Bitter Drink, Bitter Moon album cover by Murder By Death

Murder By Death – Bitter Drink, Bitter Moon

Murder By Death
Bitter Drink, Bitter Moon
(Bloodshot Records)

When I first heard of Bloomington, Indiana’s Murder By Death, I so desperately wanted folk tales that would send chills down the spine in the dead of night. What I experienced was modern folk tales. But instead of the deathly hallows of human emotional devastation, I experienced hope and life within the context of moral aptitude and the essence of what it is to be human.

On Good Morning, Magpie, the band grasps at deviance and uses “On The Dark Streets Below’s” flow to say, “Slow down, you lost your way. Start again and you will feel better.”  It’s sagely advice that is stark in my listening experience with this band. You don’t have to wonder far to find a degree of positivity in these songs. The mixture of rock and folk elements in the song, the ethics of bluegrass and Old Country, music without borders with the vast range of instruments, all combine to form a perfect union.

To give you a deep focus, listen to Red of Tooth and Claw or Who Will Survive and What Will Be Left Of Them.

Murder By Death – Straight At The Sun (live at The Stanley Hotel)

Stylistically we have heard everything from back porch acoustics to upbeat rockers. But Bitter Drink, Bitter Moon is so much more. Their latest album is a journey led by the distinct vocals of Adam Turla. You could have Turla perform a reading of Tolkein, and it would turn into a dirty backroads nail biter. His musings blow around on Bitter Drink. And as each song bleed into each other, it does not take long for me to feel confident in saying that this is their best album yet.

This album should be played loud as the production allows it to handle the strain. Even the acoustic guitars are strummed at a relentless rate to present a power you would find in The Pogues or Hüsker Dü.

The album starts with Turla telling a story like a bearded, old man weaving ominous stories on the town bench like secrets buried in an antique store. The guitars chime in with haunting reverb to the notes, all plucked with delicate decision. I almost needed some prep time here. WhenI first realized what was actually going on, I had to instantly start back at the beginning to fully feel its intoxicating effect.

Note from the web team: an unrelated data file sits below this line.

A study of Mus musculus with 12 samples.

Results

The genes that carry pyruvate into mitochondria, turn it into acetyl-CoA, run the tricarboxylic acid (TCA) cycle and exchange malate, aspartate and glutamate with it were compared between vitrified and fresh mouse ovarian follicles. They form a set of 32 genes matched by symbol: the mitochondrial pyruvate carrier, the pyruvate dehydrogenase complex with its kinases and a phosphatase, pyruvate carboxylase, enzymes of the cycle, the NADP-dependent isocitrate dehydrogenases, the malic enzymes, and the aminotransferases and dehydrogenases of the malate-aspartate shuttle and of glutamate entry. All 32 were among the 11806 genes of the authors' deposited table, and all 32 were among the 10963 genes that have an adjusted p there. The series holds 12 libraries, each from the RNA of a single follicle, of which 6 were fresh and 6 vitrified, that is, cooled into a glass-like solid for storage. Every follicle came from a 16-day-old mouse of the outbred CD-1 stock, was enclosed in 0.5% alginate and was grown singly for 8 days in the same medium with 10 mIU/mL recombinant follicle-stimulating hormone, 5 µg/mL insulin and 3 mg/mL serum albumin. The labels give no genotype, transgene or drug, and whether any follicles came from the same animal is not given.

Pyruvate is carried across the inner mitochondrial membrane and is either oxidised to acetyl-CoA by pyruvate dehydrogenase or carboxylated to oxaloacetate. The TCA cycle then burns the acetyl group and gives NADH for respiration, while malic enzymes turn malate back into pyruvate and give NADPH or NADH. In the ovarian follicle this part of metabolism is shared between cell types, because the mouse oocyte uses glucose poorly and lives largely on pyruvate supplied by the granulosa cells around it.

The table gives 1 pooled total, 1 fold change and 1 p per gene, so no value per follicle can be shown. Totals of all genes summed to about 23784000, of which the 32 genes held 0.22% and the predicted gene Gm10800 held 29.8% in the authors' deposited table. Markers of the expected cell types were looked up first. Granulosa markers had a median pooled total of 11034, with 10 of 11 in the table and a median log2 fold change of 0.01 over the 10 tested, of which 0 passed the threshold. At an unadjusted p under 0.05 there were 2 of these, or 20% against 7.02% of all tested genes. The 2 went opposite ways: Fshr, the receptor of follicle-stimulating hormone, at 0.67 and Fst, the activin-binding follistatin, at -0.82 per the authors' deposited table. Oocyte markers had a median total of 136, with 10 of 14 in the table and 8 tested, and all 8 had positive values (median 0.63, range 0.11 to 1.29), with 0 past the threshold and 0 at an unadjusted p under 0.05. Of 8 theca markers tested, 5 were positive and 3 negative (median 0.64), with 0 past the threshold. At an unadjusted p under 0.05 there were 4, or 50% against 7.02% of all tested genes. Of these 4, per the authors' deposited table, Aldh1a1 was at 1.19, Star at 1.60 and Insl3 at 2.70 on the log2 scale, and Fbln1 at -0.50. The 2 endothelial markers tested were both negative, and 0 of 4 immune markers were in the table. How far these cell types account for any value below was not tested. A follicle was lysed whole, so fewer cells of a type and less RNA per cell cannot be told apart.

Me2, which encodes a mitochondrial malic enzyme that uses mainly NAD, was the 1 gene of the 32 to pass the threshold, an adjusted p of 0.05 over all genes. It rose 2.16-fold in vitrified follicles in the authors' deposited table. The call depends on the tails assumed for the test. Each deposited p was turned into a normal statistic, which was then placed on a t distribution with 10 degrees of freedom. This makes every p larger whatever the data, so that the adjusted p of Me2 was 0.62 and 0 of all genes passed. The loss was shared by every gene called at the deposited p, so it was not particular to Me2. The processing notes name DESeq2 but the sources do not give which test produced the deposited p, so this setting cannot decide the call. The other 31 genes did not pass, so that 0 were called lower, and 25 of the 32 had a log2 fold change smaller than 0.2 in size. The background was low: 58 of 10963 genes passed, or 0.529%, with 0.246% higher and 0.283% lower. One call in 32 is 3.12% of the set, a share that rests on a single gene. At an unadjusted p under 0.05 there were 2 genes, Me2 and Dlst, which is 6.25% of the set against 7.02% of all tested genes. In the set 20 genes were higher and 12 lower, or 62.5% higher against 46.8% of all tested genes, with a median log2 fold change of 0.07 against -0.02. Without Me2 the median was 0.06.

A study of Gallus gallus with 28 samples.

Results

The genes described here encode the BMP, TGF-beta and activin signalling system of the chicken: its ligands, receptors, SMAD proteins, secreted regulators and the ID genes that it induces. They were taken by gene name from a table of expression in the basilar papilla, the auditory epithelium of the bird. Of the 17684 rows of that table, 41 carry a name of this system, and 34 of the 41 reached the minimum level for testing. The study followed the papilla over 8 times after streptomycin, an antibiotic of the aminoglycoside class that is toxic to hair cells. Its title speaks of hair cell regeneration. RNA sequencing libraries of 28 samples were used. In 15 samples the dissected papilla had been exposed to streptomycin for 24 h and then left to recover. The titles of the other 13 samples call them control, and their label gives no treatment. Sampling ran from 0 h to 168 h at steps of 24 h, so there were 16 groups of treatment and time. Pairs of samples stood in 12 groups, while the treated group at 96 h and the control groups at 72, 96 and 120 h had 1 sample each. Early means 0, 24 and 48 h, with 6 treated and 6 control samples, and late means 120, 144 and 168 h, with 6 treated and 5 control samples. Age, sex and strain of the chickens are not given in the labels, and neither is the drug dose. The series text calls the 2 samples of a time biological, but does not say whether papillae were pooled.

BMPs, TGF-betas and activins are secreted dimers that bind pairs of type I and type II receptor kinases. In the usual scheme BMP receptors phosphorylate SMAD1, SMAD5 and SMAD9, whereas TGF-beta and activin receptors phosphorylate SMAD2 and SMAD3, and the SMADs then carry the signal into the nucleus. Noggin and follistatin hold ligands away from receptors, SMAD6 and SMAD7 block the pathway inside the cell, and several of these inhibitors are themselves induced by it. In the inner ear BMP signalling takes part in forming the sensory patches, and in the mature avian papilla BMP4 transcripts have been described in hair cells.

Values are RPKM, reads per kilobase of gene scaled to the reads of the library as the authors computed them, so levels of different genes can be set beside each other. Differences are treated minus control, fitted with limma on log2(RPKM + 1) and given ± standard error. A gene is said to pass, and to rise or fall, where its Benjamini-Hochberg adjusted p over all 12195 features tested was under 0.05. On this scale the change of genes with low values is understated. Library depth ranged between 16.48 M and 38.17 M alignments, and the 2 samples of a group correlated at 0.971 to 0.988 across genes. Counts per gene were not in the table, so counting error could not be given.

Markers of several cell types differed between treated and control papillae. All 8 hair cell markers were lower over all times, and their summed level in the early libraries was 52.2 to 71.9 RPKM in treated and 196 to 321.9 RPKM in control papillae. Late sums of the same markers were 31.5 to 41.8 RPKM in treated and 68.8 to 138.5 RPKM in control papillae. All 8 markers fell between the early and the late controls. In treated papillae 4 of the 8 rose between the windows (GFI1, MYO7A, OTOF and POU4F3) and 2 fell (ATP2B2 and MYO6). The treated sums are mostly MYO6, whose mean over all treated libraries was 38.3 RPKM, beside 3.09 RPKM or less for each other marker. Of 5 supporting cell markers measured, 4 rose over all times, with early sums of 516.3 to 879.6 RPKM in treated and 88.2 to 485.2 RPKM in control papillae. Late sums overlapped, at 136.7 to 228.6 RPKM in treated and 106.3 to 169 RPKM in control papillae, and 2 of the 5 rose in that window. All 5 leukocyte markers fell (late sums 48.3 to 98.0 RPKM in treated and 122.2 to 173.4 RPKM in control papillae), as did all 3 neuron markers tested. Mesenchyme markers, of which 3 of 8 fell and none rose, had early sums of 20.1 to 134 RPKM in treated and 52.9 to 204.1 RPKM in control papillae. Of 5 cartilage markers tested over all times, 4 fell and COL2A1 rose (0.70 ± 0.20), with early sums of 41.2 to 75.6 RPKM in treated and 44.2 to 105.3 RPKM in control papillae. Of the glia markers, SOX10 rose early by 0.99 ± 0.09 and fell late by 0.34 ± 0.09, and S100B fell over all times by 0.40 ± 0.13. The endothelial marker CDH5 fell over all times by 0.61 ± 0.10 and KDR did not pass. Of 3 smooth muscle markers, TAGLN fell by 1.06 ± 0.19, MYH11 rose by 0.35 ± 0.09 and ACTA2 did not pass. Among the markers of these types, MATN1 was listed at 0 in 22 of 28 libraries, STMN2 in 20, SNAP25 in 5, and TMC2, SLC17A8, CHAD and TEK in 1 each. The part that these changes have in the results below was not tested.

Murder By Death – Lost River

What really gets me is song three, “Straight in the Sun.” The strings, the guitars, the forcefulness of the rhythm all align to bring a punk stomp romp that has the same vibrancy as The Dead Boys’ “Sonic Reducer.” The song in its iconic pop construction will melt your face. Turla sings the chorus with such conviction. You want to get up and dance in the shadows of twisted tree limbs. The song is a celebration in autumnal ecstasy that illuminates Midwestern gray. It is clearly one of my favorite Murder By Death songs. Period.

It does not end there. “No Oath, No Spell” is striving for that personal freedom. A moderate tune, it’s a pleasantry to say the least. “I Came Around” distinctly has that Pogues cadence. The Irish undertones help convey this observation. It’s a song that will turn any show into a hootenanny where “Hard World” follows with perfect timing. Turla and Sarah Balliet sing like they are Johnny and June. If you close your eyes, you can really sense that spirit coming out of this song.

“The Curse of Elkhart” sounds more like a showdown at Tombstone. The horns will raise your adrenalin to new levels that accent any Calexico outing.

There is a firm knowledge and experience of the Southern Indiana hills written into the band’s mantra. I have walked through these songs, and I feel like they are a part of me. Who is to say it will do the same for you. But I would bet that through the band’s poetic descriptives, you will find this album enchanting.